USS Tripoli is making U.S. Navy history: There has been much hype around the United States Navy’s newest and largest aircraft carrier USS Gerald R. Ford (CVN-78), which just completed her first overseas deployment, where the carrier and her strike group operated alongside eight NATO allies.
On Saturday, the supercarrier returned to her homeport of Norfolk, Virginia where she will prepare for an even longer deployment in the New Year.
USS Tripoli: A Mini Aircraft Carrier? Sort Of
On the other side of the country, another U.S. Navy flattop also returned to her homeport this week following a seven-month maiden deployment.
The amphibious assault ship USS Tripoli (LHA-7) arrived at Naval Base San Diego, California, on Tuesday morning local time.
The warship’s deployment to the U.S. 3rd and 7th Fleet areas of operations was particularly significant for its diplomatic and military engagements with regional partners and Allies, as well as successful integration with the 31st Marine Expeditionary Unit (MEU) to support maritime security operations, theater security cooperation, crisis response, and maintaining a forward Navy-Marine Corps presence.
“I am proud of Tripoli for a successful first deployment,” said Rear Adm. James Kirk, commander, Expeditionary Strike Group (ESG) 3. “The ship and crew are on the leading edge, setting the example and testing the limits of the assault ship.
LHAs are designed to support the future of the Marine Corps Air Combat Element, and Tripoli has done just that. I am excited to see what else they can bring to the fight.”
The U.S. Marine Corps embarked 16 Lockheed Martin F-35B Lightning IIs aboard USS Tripoli, and the fifth-generation aircraft successfully flew missions in support of exercises Valiant Shield 22 and Noble Fusion.
The Navy and Marine Corps team seamlessly integrated to complete training and certification exercises before joining the Armed Forces of the Philippines for bilateral exercise Kamandag 2022, the Navy announced. During the operations, the crew completed 2,052 hours of flight operations and traveled 40,303 nautical miles during exercise support. Tripoli also operated alongside other partners and Allies throughout the Indo-Pacific during the deployment, including Japan and the Republic of Singapore.
Port calls during her maiden deployment included stops in Tasmania, Australia, Japan, Singapore, and the Philippines.
“The Sailors and Marines aboard Tripoli went above and beyond during this deployment to demonstrate the unique capabilities of this ship,” said Capt. John C. Kiefaber, USS Tripoli‘s commanding officer. “Whether it was launching and recovering aircraft at night, acting as a base of operations for the 31st Marine Expeditionary Unit to conduct operations ashore, or serving as an instrument of diplomacy to our ally and partner nations, the crew performed their duties professionally and demonstrated why they are the Navy’s greatest asset. I couldn’t be more proud.”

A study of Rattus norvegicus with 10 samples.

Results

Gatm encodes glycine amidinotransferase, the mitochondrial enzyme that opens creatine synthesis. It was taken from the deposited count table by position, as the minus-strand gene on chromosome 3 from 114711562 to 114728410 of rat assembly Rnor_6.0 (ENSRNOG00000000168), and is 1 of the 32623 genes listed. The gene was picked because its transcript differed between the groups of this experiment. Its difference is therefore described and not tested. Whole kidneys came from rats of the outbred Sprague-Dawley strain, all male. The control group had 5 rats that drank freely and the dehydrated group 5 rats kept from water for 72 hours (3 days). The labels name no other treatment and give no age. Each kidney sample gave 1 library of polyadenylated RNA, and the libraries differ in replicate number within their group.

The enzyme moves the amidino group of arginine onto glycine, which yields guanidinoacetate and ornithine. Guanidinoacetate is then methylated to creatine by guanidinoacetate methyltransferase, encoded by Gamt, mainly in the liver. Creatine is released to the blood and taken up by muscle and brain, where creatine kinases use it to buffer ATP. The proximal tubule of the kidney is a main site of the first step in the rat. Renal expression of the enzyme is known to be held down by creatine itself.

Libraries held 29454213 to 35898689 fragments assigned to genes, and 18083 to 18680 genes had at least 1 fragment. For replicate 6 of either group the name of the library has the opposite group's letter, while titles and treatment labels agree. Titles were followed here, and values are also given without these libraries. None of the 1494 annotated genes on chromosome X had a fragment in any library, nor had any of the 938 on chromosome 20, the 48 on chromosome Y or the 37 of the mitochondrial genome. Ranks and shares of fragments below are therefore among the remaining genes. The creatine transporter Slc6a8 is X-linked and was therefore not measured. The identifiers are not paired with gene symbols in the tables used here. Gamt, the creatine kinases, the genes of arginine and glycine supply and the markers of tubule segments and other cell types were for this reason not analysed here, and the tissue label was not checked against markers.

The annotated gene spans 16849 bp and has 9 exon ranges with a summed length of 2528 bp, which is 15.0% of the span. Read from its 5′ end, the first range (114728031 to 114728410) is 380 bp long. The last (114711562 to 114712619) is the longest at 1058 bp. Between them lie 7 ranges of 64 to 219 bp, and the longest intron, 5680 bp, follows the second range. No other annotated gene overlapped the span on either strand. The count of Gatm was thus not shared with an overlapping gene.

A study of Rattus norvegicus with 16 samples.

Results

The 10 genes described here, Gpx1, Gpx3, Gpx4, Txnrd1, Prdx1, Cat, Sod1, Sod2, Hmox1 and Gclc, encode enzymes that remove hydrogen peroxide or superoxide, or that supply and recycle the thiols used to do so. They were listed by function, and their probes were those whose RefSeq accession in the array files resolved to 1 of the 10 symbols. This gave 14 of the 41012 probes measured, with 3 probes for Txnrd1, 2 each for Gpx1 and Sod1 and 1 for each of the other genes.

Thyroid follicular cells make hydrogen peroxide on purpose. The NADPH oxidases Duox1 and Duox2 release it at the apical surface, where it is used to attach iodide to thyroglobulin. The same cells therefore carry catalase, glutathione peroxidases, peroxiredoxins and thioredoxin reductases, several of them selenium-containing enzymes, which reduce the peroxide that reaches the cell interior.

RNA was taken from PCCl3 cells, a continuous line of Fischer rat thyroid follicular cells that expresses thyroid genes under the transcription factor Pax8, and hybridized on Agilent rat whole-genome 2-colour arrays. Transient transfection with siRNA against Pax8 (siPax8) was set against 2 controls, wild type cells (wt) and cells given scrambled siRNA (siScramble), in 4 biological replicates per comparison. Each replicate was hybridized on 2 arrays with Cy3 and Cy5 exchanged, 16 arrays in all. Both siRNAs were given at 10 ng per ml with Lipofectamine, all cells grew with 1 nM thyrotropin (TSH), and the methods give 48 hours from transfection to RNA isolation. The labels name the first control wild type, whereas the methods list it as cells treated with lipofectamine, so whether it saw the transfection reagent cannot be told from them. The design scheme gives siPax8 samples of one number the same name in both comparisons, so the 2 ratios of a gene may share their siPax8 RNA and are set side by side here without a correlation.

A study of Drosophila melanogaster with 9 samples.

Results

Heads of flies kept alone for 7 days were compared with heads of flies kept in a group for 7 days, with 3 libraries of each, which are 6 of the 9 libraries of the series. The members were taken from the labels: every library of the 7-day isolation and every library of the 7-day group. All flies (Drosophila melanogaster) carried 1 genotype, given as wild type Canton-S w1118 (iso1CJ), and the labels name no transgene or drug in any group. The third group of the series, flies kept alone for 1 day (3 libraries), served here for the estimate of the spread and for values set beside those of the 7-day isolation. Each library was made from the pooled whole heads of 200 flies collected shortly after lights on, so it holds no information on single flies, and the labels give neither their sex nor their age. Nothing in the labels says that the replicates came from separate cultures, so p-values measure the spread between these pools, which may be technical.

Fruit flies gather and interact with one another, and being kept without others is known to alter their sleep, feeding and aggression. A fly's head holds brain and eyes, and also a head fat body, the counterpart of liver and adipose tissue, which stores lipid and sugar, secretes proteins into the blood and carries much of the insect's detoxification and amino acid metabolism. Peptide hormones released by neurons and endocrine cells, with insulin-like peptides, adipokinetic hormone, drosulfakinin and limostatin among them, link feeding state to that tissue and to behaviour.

Meet the USS Tripoli
The second American-class LHA is also the third U.S. Navy ship named in honor of U.S. Marines and approximately 370 soldiers from 11 other nationalities who captured the city of Derna, Libya, during the 1805 Battle of Derna.
Construction of the vessel began in June 2014, and she was commissioned in July 2020 administratively via naval message, due to public health safety and restrictions of large public gatherings related to the coronavirus pandemic.
The design of USS Tripoli is based on the USS Makin Island, which is an improved version of the United States Navy’s Wasp-class amphibious assault ship. Like the USS America (LHA-6), the ship was constructed without a well deck for landing craft, which allowed for an extended hanger deck with two significantly wider high bay areas, each fitted with an overhead crane for aircraft maintenance.
The U.S. Navy’s America-class amphibious assault ships, which displace 45,000 long tons, are similar in size to the French Navy’s flagship Charles de Gaulle, and of comparable displacement to the former World War II-era Midway-class aircraft carriers.
These flattops provide the ability to operate seamlessly and simultaneously on the sea, ashore, and in the air allowing the integration of forces to be distributed more broadly, and increasing operational unpredictability anywhere around the globe by varying our domain, forces, and timing.
A Senior Editor for 19FortyFive, Peter Suciu is a Michigan-based writer. He has contributed to more than four dozen magazines, newspapers, and websites with over 3,000 published pieces over a twenty-year career in journalism. He regularly writes about military hardware, firearms history, cybersecurity, and international affairs. Peter is also a Contributing Writer for Forbes and Clearance Jobs. You can follow him on Twitter: @PeterSuciu.